In Indonesia, a mati listrik or an electricity black-out is a usual thing. We all know that the PLN or Perusahaan Listrik Negara (the State Electricity Company) gives a “byar-pet” (on-off) service and electricity occasionally shut down without any notice. In could happened for a few minutes but could also ran for half a day. In 2003, an underwater electricity cable that connects the Island of Java with Madura got busted and for a few days the Island of Madura get no electricity.

So, with that in mind, I would thought that The Netherlands would have a more advanced electricity power and a power-off would be so rare that it is virtually non-existent. However, I was a little bit surprised when one day (I forget the exact day), when I was working in my office room, the computer suddenly turned itself off and then reboot. Meanwhile at the same time I notice that the lamps are also turn off suddenly and–in a second–turned on again. I think, “Gosh, a breakdown of electricity! What a rare event.”

Because my computer is still rebooting, I went outside my room and–lo and behold–everybody in the Sterrewacht is doing the same thing! They went outside and walk around the hallway, talking with their colleagues, inquiring about the event. Suddenly the 5th floor hallway is packed with people and feels like a massive strike is going on. In a few seconds, the computer technicians went inside the hallway and open the password-locked server room and checked the server, while one of the faculty member said, “Whoops!” In a few minutes the lounge, which is just in front of my office, is packed with most of the Sterrewachters (that’s what we called ourself :D) who is waiting for their computer to reboot or just use this chance to have a quick coffee break. “So, did you managed to save your work?” I asked one my colleague, “Well…I’ve save it half an hour ago so I think I’m only losing at most half an hour work,” he replied while another colleague passed and said, “I didn’t.” Whoops, sorry about that, mate. One colleague is mentioning about a switch from one main power supply to another that doesn’t goes smoothly. He also added that this is not happening only in the building, but are also university-wide and even nation-wide.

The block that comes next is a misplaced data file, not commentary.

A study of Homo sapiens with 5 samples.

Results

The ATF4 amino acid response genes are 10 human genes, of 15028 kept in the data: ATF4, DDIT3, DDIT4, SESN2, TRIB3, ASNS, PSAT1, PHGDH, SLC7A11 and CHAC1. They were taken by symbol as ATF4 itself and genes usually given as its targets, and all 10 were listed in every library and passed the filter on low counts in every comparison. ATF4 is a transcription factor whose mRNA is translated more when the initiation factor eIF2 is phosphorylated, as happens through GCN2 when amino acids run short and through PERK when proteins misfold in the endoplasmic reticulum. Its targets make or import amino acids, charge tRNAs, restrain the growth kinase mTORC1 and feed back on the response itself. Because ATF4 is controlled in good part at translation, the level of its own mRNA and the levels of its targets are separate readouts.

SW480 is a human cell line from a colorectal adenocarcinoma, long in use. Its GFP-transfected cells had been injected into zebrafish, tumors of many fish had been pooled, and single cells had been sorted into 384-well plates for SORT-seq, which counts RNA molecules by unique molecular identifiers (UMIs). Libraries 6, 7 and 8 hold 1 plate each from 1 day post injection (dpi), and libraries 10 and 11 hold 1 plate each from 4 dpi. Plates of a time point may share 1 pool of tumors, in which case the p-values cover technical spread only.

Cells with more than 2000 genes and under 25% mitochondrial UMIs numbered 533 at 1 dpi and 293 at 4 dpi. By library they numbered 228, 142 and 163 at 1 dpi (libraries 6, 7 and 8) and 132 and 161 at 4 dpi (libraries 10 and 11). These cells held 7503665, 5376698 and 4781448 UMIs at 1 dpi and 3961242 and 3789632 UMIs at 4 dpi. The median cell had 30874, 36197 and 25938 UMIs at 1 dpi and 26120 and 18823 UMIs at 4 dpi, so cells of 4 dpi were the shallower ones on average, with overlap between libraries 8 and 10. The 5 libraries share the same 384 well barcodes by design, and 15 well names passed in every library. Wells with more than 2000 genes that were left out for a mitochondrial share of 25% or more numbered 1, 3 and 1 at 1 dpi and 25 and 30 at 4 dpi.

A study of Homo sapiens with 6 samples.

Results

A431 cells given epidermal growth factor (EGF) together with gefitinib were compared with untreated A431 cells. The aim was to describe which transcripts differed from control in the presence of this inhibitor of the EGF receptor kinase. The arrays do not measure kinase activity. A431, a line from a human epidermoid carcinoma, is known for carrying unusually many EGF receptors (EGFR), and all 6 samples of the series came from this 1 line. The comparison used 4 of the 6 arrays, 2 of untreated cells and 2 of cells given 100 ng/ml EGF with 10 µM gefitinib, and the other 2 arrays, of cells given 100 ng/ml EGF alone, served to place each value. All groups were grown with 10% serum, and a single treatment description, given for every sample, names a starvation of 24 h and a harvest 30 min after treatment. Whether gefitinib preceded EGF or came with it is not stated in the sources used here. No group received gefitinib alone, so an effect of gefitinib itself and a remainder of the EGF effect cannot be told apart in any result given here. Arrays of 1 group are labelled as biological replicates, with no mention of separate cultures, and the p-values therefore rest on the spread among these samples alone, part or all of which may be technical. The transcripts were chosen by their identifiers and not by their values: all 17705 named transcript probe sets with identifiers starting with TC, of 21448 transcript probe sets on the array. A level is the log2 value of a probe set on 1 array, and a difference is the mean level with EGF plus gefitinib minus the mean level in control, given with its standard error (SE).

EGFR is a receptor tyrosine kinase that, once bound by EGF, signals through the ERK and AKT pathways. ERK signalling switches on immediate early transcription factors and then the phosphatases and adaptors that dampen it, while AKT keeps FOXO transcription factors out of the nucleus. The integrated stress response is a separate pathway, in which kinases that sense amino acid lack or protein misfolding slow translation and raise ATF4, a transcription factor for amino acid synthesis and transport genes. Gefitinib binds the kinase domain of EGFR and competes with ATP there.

In tens of minutes the lounge is once again empty as everybody walks out to go back to work. Meanwhile the computer guys walk around the hallway and checked whether everybody’s computer is working (we astronomers can’t live without computers). Forty-five minutes after the event, my computer is still rebooting so I have to ask the help of Erik Deul, one of the computer guys, who just happen to be walking in the hallway, to check for my computer. He turns the power off, turns it back on, check the BIOS setting, told me to wait again for a few minutes, and leave. It took another half an hour until it finally reboots.

Well…back to work then! It’s not every so often that there’s an electricity shut down and everybody gets a second coffee break. Once again I’m alone with my Fortran code.

Written by Tri L. Astraatmadja

After living for 10 years in Europe as a Master's student, PhD researcher, and a postdoc, in 2016 Tri L. Astraatmadja moved on to the United States for a second postdoctoral appointment at the Department of Terrestrial Magnetism, Carnegie Institution for Science, Washington DC. He is now in his third postdoc at the Space Telescope Science Institute in Baltimore, MD.